There are few things in life for which people don’t need some kind of training to carry out the task competently. Training generally breeds familiarity and reduces the potential for a user to make a mistake when they are doing it for real, and that can reduce waste, and lower costs while speeding up a process.
Training is a part of personal and professional development and is a massive part of our lives. School can be thought of as training for adult life, when we can get a job and then start intense periods of more focused training that help us perform our work properly. Training of this nature can be split into two distinct areas;
- Work-specific training. Regardless of what job function you perform, there will be some role-specific training involved. You may flip burgers or you may develop software applications using Unity, or anything in between. The fact is, you will need specific job-oriented training to make sure that you are effective at it and don’t mess up while creating something for a customer.
- Ancillary training. This could be health and safety orientated such as lifting correctly or fire safety, personal planning, the use of company software, general security, or even dealing with members of the press (we are traditionally nosy). Ancillary training isn’t usually part of your job, and in many cases is a voluntary thing that is part of a career development path.
Sometimes training is fun and enjoyable, and sometimes it is seen as tedious and we only partake because we are instructed or expected to do it. In many cases, particularly with ancillary training, it means sitting in some training room trying not to fall asleep. However, that is part of the issue itself – the delivery of training – is a key element in how well it is received, and much of the failure in engaging with trainees is the fact that training is not engaging. But love it or loathe it, training is an inescapable factor in our lives.
The use of technology has been shown to be a major factor in the success of a training program, and it is now rare to find any kind of training module in which the trainer simply stands at the front and just blathers on about the subject with a few presentation slides to stop the trainees falling asleep completely. Role-play has become a major part of training along with hands-on use of any specialist equipment, but even these have only gone a little way to alleviating the dullness of training that we don’t really want to be in. However, training is an area where virtual or augmented reality can have a real impact, and an increasing number of companies and training providers are looking at its use to help deliver interesting and informative training sessions.
The reality element of VR/AR is a key factor in the development of training applications and systems, and a growing number of companies are seeing the advantages of using it. The big advantage is that your trainers can be placed in a virtual word – along with the trainer – to carry out whatever tasks they need to become familiar with in a real-world setting. And the real advantage is that VR can be employed with any level of skill and training needs from manual handling right up to complex surgical procedures.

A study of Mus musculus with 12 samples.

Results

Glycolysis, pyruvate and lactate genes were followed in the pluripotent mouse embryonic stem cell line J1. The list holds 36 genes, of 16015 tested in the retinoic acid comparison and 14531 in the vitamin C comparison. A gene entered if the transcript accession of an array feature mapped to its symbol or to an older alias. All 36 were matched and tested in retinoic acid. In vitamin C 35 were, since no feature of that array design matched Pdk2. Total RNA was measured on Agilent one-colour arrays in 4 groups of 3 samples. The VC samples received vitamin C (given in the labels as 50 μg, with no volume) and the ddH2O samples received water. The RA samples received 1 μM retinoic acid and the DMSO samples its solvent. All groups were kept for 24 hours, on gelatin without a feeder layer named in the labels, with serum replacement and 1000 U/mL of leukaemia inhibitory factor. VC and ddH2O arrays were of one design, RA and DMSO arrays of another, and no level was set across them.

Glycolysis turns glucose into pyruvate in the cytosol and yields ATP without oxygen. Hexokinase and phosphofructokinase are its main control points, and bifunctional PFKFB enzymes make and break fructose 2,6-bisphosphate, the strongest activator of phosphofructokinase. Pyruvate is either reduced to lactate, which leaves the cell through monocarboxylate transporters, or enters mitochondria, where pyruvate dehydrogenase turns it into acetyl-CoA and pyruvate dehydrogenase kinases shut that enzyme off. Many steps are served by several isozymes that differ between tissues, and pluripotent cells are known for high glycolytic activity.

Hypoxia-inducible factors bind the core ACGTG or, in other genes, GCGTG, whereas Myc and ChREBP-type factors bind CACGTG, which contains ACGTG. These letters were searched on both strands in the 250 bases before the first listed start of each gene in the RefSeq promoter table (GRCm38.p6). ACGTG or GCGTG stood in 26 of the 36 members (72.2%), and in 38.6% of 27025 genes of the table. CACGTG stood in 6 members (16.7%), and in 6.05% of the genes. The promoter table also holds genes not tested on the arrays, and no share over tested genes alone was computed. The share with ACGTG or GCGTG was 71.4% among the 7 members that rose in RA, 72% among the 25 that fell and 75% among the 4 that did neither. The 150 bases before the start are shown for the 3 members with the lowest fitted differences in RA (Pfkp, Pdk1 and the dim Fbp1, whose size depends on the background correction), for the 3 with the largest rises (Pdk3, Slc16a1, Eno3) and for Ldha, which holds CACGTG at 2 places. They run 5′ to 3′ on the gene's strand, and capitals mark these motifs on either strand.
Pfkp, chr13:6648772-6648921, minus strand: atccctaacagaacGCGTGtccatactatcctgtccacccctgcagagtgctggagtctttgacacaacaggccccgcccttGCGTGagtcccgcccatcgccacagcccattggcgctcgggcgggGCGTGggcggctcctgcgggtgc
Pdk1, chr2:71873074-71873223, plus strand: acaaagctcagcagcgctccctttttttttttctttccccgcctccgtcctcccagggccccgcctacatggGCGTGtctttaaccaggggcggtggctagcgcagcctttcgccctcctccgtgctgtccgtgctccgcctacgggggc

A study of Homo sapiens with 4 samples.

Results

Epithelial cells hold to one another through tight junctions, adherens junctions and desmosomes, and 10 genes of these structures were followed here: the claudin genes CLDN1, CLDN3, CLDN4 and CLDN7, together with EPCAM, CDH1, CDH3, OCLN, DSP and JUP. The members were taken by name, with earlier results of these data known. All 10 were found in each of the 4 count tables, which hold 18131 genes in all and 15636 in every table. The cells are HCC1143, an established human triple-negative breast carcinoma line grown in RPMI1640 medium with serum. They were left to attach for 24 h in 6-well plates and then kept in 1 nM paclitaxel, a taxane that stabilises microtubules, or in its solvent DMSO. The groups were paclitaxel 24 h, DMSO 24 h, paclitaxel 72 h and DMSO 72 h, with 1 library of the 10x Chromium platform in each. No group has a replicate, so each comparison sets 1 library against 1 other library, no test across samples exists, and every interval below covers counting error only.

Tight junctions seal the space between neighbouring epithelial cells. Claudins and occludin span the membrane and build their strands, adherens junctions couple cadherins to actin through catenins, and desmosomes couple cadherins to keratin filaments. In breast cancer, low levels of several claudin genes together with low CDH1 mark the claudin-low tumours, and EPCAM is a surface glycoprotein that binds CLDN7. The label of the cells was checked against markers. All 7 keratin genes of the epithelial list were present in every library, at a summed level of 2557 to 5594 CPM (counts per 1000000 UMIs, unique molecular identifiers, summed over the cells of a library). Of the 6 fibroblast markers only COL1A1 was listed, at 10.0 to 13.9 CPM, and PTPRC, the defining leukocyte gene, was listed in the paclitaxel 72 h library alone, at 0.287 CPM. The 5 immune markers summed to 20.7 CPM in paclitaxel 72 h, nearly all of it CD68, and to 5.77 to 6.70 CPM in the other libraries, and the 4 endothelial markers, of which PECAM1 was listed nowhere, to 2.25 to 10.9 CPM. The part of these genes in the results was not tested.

Imagine trying to train out a complex process, such as something involving a series of electrical connections, or a safety procedure that requires certain steps to be carried out in order. It would be difficult to do in the real world as it is unrealistic, even with physical props. However, put the trainees in a virtual world where the system would normally be situated, and start applying the kinds of system breakdown that would lead up to the necessity to operate a shutdown, and you really have something. Situations like that have an inherent stress that is difficult to replicate in a training room. There may be klaxons and visual inputs that exacerbate the need to do something quickly, and they can’t really be added to everyday training. But use a virtual world like this and the training imitates the real world very closely. Noise, lights, a feeling of impending doom, are all aspects that are likely to be present in a real emergency situation, so to not have them in training is to short-change the trainee. Now imagine if you are trying to do some similar process deep underground in a dark and dank mine. Training that out in a surface-level room is unrealistic, and so there is a drive to use VR for just that kind of reality.
The same applies to other physical processes such as surgery. Working on a plastic model doesn’t have the same level of urgency as is likely to exist in the real world, and doesn’t leak blood or some other virtual bodily fluid of a treated patient appropriately. It doesn’t matter how complex the process is, VR is a tool that can take the trainee to a world that is almost indistinguishable from the one that they would actually be operating in, and that just reinforces the training session.
It is almost as though VR was actually made for training purposes. The feeling of reality adds another dimension to a situation that in turn increases the pressure that is likely to accompany many real-life conditions and make the training all the more relevant. If you are not using VR training in your organisation, it really is time to get on-board, and make training an experience.